Hurt My Business
When I was studying abroad and later when I was living in Japan and working there as a teacher I was intimidated when ordering food. Especially when ordering pizza over the phone. I only did it a few times a year, with my voice wavering and my palms sweating. The person taking my order was never anything other than polite.
I would practice what I was going to say, whispering to myself as I stood in line to talk to a cashier or clerk at the bank, the grocery store or a restaurant. Sometimes I would walk down to the corner post office during my lunch break and the entire walk I would be rehearsing what I would say to the postal clerk.
It took a lot of courage for me to speak in Japanese. I never assumed I would be able to speak in English with anyone, although sometimes one of the guys at the post office spoke English if I was having trouble expressing what I wanted. I didn’t feel entitled to continue to speak in English even as I was studying or living in Japan. I knew I had to learn to speak Japanese in my daily life. But what gave me the desire to continue to learn was how polite and helpful the Japanese people with whom I interacted were. They would fawn over the simplest phrase, making sure I was aware of how authentic my accent was or how surprisingly clear I was in my effort to express myself. The guy at the post office would help me in English and then back off when we were sure that we understood each other. He tacitly encouraged me to keep trying when he switched back to Japanese once the problem had been resolved in English! Week after week I memorized the phrases I needed to send money home to the United States, to send a package to Peru, to pick up a package that had been left there for me. I got better because he and others allowed me to speak imperfectly, point at written instructions, gesture and smile meekly at first.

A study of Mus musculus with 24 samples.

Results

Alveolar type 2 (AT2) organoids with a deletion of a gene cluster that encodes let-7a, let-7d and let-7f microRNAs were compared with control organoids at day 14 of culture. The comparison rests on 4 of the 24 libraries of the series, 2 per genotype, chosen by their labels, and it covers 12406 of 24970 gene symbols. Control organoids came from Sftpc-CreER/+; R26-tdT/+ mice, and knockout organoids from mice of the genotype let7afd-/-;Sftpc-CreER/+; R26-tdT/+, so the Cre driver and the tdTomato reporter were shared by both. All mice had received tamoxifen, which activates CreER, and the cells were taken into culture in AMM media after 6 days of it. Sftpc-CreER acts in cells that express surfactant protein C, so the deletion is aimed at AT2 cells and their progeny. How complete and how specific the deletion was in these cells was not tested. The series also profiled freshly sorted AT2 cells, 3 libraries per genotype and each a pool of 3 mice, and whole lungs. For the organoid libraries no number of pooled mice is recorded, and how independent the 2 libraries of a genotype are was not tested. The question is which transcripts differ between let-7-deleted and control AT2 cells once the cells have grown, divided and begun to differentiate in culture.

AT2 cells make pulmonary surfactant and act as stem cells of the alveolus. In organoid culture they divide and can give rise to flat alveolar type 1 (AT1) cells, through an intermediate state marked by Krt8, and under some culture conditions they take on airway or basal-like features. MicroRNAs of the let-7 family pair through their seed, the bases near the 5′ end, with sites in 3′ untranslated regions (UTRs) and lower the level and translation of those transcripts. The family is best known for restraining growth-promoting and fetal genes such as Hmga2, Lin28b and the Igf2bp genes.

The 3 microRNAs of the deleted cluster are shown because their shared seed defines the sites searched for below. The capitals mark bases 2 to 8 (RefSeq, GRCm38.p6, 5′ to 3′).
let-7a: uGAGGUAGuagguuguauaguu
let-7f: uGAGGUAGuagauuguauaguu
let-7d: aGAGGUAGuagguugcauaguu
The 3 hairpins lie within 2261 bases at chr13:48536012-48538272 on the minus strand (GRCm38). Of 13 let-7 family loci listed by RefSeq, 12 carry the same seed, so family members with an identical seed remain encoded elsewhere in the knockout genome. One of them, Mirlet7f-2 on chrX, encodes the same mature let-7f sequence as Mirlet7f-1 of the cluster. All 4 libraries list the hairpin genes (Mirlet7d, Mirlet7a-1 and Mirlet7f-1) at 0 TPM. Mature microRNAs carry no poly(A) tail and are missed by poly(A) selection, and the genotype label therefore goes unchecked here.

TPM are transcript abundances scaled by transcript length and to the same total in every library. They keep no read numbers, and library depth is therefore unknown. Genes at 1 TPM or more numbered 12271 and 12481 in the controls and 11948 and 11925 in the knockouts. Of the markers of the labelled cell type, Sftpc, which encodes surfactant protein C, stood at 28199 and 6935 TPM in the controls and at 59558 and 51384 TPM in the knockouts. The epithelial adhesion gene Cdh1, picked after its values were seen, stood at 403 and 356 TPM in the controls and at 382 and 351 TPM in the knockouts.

I didn’t just arrive speaking Japanese; I had to learn it gradually and painfully! That’s something that really hits you once you become a mother. You have to give your children their milk even if they call it “muk” or make signs with their hands. You can’t say, “Sorry. You’ll have to try that request at a later date once you can speak American.”
Many restaurants in Japan have picture menus and customers are expected to just point to what they want. If the customer wants to try pronouncing the order, that will certainly help the customer learn, but it is not something that the waiters rely on at all.
I am pissed off right now because a Philadelphia business owner wants people to order in English. He put up a sign at the front of his restaurant that has an eagle superimposed on the American flag (*sigh*) and the words, “This is AMERICA: WHEN ORDERING ‘SPEAK ENGLISH.’” He seems a little frightened that someone might not know exactly what to say to get a goddamn cheesesteak. What if a mute person would like something to eat and tries pointing at pictures or handing the clerk a piece of paper? Nope, no time for that kind of customer service, because the owner of the restaurant wants to keep the line moving.
I think about how much progress my husband has made when ordering food in English. He used to struggle with pronunciation or just with his own self-consciousness. It can be intimidating to know that you are the one who is holding up the line because your communication skills are lacking. But he wanted to eat, so he practiced in similar situations to get a feel for how to get some food: talking to a cashier at a deli, talking to a waiter at a “sit-down” meal, ordering pizza over the phone, etc. He can even be understood at a drive-thru these days; now THAT is a sign of assimilation!
It seems redundant to ask your customers to order in English if you are an old white male business owner. I think they already get that. They’re not clueless, but English may not come easily to them. They may prefer learning English in real-life situations rather than staying at home hunched over an overpriced workbook. And if you would consider what a novel concept it is to treat everyone as if they are paying customers, I think you would reap the benefits of being a polite and humble business owner.